Euclid - Online edition

Eucalyptus pyriformis



Eucalyptus | Symphyomyrtus | Bisectae | Destitutae | Curviptera | Xylocarpae

Eucalyptus pyriformis Turcz., Bull. Soc. Imp. Naturalistes Moscou 22(2): 22 (1849).

T: Swan R. Colony, W.A., J.Drummond 4: 69; holo: KW; iso: BM, K, MEL.

Eucalyptus pruinosa Turcz., Bull. Soc. Imp. Naturalistes Moscou 22(2): 23 (1849), nom. illeg. non Schauer (1843); E. macrocalyx Turcz., Bull. Cl. Pys.-Math. Acad. Imp. Sci. Saint-Petersburg 10: 339 (1852) based on E. pruinosa Turcz. T: Swan R. Colony, W.A., J.Drummond 4: 70; iso: K.

Eucalyptus erythrocalyx Oldfield & F.Muell. ex F.Muell., Fragm. 2: 32 (1860). T: between Port Gregory & Murchison R., W.A.; A.F. Oldfield; holo: n.v.; iso: K.

Eucalyptus pyriformis var. elongata Maiden, Crit. Revis. Eucalyptus 2: 235 (1912). T: between Lawlers & Doyles Well, W.A., June 1901, W.V.Fitzgerald s.n.; holo: NSW; iso: K.
Mallee to 5 m tall. Forming a lignotuber.
Bark smooth throughout or with a short stocking of persistent ribbony grey-brown bark, smooth bark grey-brown shedding to light brown or reddish grey.
Branchlets lacking oil glands in the pith.
Juvenile growth (coppice or field seedlings to 50 cm): stems rounded in cross-section, glaucous or non-glaucous; juvenile leaves always petiolate, alternate, ovate to broadly lanceolate, 4–7 cm long, 3–4.5 cm wide, dull, bluish green or slightly glaucous.
Adult leaves alternate, petioles 1–3 cm long; blade ovate to lanceolate, 5.5–9.5(11) cm long, 1.5–3 cm wide, base tapering to petiole, margin entire, apex pointed, concolorous, dull, blue-green, side-veins greater than 45° to midrib, reticulation dense, intramarginal vein close to margin, oil glands irregularly-shaped, intersectional.
Inflorescence axillary unbranched, pendulous, peduncles stout, (1.2)2–11.5 cm long, buds 3, pedicellate (pedicels 2.5–6.5 cm long). Mature buds ovoid (3.2–6 cm long, 2–3 cm wide), rarely globular, glaucous or non-glaucous, longitudinally ribbed, scar present, operculum beaked (1.5–3.2 cm long), seldom rounded and apiculate, outer stamens oblique, inner stamens inflexed, anthers cuboid, versatile, dorsifixed, dehiscing by longitudinal slits, style long and usually straight, stigma tapered, locules 4 or 5(6), the placentae each with (8)10 and sometimes more vertical rows of ovules with a central gap to the placenta, rarely the ovules very numerous and rows indistinct. Flowers have red, pinkish red or yellow staminal filaments, anthers always yellow.
Fruit on rigidly down-turned peduncles, pedicellate (pedicels 1.5–6 cm long), usually obconical, sometimes glaucous, always with several prominent longitudinal ribs, 2.5–4 cm long, 3–5.5 cm wide, disc cream-coloured, concave and prominently raised then steeply descending to throat of capsule, valves 4 or 5(6).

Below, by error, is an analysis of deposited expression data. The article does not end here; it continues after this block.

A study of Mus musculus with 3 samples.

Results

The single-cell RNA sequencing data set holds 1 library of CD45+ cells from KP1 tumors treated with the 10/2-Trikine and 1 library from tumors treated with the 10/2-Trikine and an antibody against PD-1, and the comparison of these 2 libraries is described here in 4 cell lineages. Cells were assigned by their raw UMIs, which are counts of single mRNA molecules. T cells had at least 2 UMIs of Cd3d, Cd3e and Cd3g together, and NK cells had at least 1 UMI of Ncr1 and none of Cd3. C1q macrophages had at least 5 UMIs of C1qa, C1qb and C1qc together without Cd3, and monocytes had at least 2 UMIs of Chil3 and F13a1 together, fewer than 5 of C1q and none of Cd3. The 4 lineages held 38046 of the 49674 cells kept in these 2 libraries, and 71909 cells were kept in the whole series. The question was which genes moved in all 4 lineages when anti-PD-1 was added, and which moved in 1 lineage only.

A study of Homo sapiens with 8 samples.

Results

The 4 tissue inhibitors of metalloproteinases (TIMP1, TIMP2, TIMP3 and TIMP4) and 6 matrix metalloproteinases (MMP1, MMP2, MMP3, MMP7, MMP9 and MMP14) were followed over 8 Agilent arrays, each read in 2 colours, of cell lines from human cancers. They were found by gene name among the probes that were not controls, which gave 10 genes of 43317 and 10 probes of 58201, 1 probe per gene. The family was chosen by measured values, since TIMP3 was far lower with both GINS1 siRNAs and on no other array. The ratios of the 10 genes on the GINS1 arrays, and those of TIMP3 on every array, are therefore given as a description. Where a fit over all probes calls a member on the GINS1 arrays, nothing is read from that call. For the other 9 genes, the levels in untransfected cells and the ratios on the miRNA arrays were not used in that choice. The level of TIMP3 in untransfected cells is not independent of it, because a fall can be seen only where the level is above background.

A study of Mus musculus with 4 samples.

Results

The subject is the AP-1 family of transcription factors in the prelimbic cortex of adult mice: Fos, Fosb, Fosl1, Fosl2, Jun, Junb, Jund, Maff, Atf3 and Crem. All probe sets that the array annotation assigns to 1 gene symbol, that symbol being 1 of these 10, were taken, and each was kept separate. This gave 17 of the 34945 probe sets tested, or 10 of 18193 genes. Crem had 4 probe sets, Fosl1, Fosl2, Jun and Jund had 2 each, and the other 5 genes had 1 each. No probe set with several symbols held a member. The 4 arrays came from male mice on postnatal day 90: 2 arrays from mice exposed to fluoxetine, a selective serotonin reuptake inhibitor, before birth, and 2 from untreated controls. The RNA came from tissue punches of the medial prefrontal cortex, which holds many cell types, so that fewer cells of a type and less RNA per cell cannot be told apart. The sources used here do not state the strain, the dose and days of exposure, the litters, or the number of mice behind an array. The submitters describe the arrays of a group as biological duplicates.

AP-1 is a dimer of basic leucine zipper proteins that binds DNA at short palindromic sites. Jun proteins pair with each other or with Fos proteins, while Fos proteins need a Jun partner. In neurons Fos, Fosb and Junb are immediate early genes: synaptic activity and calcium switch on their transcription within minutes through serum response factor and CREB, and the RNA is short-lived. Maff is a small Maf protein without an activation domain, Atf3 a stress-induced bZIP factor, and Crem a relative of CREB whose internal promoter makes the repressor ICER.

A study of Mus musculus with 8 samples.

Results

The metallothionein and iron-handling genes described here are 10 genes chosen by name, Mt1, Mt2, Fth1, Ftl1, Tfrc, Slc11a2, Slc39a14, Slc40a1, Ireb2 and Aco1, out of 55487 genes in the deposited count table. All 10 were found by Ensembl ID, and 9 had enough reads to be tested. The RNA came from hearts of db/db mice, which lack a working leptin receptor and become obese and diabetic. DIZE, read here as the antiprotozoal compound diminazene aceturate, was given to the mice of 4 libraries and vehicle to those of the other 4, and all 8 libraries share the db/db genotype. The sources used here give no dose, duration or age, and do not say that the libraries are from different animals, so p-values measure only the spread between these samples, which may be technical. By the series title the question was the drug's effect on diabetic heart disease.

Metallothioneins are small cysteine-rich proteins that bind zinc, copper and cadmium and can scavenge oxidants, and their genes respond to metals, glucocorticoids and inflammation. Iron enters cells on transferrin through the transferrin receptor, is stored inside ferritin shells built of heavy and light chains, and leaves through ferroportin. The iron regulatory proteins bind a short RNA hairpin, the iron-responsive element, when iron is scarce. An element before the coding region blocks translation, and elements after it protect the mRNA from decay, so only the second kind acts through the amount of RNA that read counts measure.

Seeds brown, 3–6 mm long, obliquely pyramidal with prominent ridges and an asymmetrical more or less encircling marginal flange, dorsal surface smooth to shallowly reticulate, hilum terminal.

Cultivated seedlings (measured at node 10): cotyledons Y-shaped (bisected); stems rounded in cross-section, glaucous or not; leaves always petiolate, opposite for 4–8 nodes then alternate, deltoid, ovate or broadly lanceolate, 5.5–9 cm long, 4–5.5 cm wide, base truncate or tapering, apex pointed or rounded, dull, grey-green to slightly glaucous.
Flowering Time

Flowering has been recorded in May, July, August, September and November.


A low straggly mallee endemic to Western Australia, found in the western side of the northern wheatbelt north-east and north of Perth, from Dowerin to Morawa, with a few localities north of Geraldton. Its earlier supposed occurrence in South Australia was due to confusion with E. youngiana. The stems are smooth with much ribboning and adult leaves are dull, grey to grey-green.

Eucalyptus pyriformis belongs in Eucalyptus subgenus Symphyomyrtus section Bisectae subsection Destitutae because buds have two opercula, cotyledons are Y-shaped and branchlets lack oil glands in the pith. Within this subsection E. pyriformis is in series Curviptera, one of about 30 closely related species and subspecies which are further characterised by having large buds in umbels of one, three or seven, staminal filaments erect or oblique (rarely inflexed) in bud, and large fruit usually with an ascending disc and exserted valves. Several of these species are noted for their large-leaved crowns made up of juvenile leaves.

E. pyriformis is easily distinguished from other species in the area by its large down-turned buds in umbels of three, stoutly stalked obconical ribbed fruit to 5.5 cm wide, red, pink or white flowers and petiolate juvenile leaves.

Origin of Name
Eucalyptus pyriformis: Latin pirum, pear and formis, form, shape, referring to the buds.